Document Type: Original Quantitative and Qualitative Research Paper
Evidence Based Care Research Centre, Department of Medical-Surgical Nursing, School of Nursing & Midwifery, Mashhad University of Medical Sciences, Mashhad, Iran
MS in Pediatric Nursing, School of Nursing & Midwifery, Mashhad University of Medical Sciences, Mashhad, Iran
Evidence Based Care Research Centre, Instuctor of Pediatric Nursing, School of Nursing and Midwifery, Mashhad University of Medical Sciences, Mashhad, Iran
Assistant Professor, School of Education and Psychology, Mashhad University of Ferdowsi, Mashhad, Iran
MD. Parsian Diabetes clinic. Mashhad, Iran
Background: Self-efficacy is a crucial factor in controlling adolescents with insulin-dependent diabetes mellitus (IDDM). Subsequently the negative behavioral reactions such as aggression adversely affect on self-efficacy. Therefore, interventions are essential to reduce the aggression and to improve the self- efficacy in these patients.
Aim: To determine the efficacy of the modified "aggression replacement training" program on self-efficacy of adolescents with insulin-dependent diabetes.
Methods: In this clinical trial, 70 adult subjects with IDDM who were referred to Parsian Diabetes clinic of Mashhad in 2014 were divided into two groups of intervention and control. The intervention program, including three aspects including: anger control training, social skills training and moral reasoning training was performed in five sessions, each 1.5-2 hours. A five-day interval was between the sessions and each group consisted of 8-10 individuals. The self-management standard questionnaire of “insulin-dependent diabetes management self-efficacy scale (IDMSE)” was filled before the intervention and two months afterwards. Data were analyzed using SPSS version 11.5 with paired and Independent t-tests.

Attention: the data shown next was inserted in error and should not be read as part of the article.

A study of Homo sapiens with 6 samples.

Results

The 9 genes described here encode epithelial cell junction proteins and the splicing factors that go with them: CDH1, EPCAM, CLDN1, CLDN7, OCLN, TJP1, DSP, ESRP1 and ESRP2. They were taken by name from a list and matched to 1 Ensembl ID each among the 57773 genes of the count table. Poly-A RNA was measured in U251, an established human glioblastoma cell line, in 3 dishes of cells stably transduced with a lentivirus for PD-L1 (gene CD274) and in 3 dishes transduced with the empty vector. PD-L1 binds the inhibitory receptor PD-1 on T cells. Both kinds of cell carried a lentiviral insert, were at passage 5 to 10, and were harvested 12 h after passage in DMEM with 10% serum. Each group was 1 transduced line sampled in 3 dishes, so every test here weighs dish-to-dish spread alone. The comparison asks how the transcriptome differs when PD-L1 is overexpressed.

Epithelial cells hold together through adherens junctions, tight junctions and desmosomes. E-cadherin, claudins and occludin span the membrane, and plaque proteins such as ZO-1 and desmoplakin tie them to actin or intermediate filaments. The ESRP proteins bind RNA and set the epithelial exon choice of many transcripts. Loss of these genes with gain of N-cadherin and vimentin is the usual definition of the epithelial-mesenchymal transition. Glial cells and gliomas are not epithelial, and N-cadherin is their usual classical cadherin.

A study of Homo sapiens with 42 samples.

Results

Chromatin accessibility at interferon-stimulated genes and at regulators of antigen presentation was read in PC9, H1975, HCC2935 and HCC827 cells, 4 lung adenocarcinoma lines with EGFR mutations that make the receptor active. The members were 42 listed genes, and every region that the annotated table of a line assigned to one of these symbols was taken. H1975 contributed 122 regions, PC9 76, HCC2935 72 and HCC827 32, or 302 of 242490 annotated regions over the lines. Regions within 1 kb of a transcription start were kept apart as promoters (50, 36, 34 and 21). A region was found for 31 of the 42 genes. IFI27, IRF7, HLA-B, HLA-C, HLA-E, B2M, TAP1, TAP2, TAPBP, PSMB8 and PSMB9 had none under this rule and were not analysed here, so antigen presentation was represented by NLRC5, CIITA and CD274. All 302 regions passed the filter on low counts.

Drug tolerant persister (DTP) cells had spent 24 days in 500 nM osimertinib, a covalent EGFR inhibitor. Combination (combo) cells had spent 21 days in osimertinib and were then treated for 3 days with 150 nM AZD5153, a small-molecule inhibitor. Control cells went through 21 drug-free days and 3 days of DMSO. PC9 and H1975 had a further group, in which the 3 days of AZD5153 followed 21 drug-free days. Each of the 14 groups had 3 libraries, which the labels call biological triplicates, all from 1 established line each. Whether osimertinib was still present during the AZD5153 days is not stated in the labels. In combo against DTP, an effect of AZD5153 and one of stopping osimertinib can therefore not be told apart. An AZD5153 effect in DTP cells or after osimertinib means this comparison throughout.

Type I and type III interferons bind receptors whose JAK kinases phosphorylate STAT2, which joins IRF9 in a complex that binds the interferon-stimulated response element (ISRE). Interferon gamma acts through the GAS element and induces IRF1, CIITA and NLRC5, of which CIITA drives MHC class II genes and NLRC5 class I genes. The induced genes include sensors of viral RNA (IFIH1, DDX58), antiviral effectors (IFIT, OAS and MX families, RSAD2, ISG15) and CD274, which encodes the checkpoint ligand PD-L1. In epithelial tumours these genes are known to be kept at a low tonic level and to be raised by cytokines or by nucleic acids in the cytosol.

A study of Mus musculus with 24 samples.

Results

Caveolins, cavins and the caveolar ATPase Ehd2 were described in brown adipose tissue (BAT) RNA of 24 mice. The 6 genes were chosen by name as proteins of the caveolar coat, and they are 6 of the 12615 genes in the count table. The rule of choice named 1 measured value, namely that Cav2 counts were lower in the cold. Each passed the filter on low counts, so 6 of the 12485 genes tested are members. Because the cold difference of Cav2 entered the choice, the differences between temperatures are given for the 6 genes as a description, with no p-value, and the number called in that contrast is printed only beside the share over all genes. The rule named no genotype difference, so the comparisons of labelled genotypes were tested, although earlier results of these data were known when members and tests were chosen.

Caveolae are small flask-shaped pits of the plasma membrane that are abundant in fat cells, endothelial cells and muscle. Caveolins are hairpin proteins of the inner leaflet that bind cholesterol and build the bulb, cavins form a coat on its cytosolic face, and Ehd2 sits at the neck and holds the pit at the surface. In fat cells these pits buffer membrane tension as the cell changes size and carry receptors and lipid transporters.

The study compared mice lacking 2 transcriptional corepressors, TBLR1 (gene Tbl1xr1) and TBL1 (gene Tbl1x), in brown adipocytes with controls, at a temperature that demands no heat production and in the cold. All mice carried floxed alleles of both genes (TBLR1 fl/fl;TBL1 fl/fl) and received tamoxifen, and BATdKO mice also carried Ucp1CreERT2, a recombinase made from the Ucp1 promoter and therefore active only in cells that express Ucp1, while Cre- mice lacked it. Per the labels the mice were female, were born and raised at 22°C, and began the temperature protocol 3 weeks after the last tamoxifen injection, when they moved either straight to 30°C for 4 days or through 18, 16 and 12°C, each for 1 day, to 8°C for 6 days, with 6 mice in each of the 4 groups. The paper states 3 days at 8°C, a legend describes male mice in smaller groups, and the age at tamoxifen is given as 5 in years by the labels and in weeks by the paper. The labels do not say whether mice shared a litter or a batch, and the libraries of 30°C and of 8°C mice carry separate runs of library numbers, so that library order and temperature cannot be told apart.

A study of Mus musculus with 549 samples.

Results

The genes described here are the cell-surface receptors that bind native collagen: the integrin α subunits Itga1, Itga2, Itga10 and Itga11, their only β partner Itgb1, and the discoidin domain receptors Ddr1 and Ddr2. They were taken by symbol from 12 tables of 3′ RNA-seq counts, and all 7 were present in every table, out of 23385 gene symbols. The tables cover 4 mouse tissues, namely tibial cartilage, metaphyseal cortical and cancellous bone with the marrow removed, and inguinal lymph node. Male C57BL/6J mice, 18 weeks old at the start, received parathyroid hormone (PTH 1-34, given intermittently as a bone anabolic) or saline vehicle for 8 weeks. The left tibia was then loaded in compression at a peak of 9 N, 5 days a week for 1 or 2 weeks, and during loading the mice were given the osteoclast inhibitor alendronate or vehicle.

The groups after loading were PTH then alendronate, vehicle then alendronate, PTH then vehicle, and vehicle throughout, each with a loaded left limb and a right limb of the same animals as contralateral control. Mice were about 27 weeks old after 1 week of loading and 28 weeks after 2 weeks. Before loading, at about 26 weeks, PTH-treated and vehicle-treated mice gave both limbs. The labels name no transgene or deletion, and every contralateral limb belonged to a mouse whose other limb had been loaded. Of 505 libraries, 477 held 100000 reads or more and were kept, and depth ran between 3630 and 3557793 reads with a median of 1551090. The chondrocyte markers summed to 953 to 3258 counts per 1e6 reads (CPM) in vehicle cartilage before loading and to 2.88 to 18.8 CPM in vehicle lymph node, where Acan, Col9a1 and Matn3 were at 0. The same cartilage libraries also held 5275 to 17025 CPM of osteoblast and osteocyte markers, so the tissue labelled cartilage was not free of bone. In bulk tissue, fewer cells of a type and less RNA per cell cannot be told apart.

Results: In this study, 38.5 and 61.5 percent of the subjects were boys and girls, respectively with total mean age of 15.9±2. The self-efficacy of the subjects before the intervention was not significantly different within the groups (p=0/57). Nevertheless in post-intervention assessment, the self-efficacy of the Intervention group significantly increased (49.0±11.1) compared to the control group (33.7±5.5) (p<0.001).
Conclusion: Our findings revealed the modified aggression replacement training programs can be effective in improving the self-efficacy of adolescents with insulin-dependent diabetes mellitus. Therefore, the implementation of the program is recommended as part of comprehensive treatment programs for management of IDDM.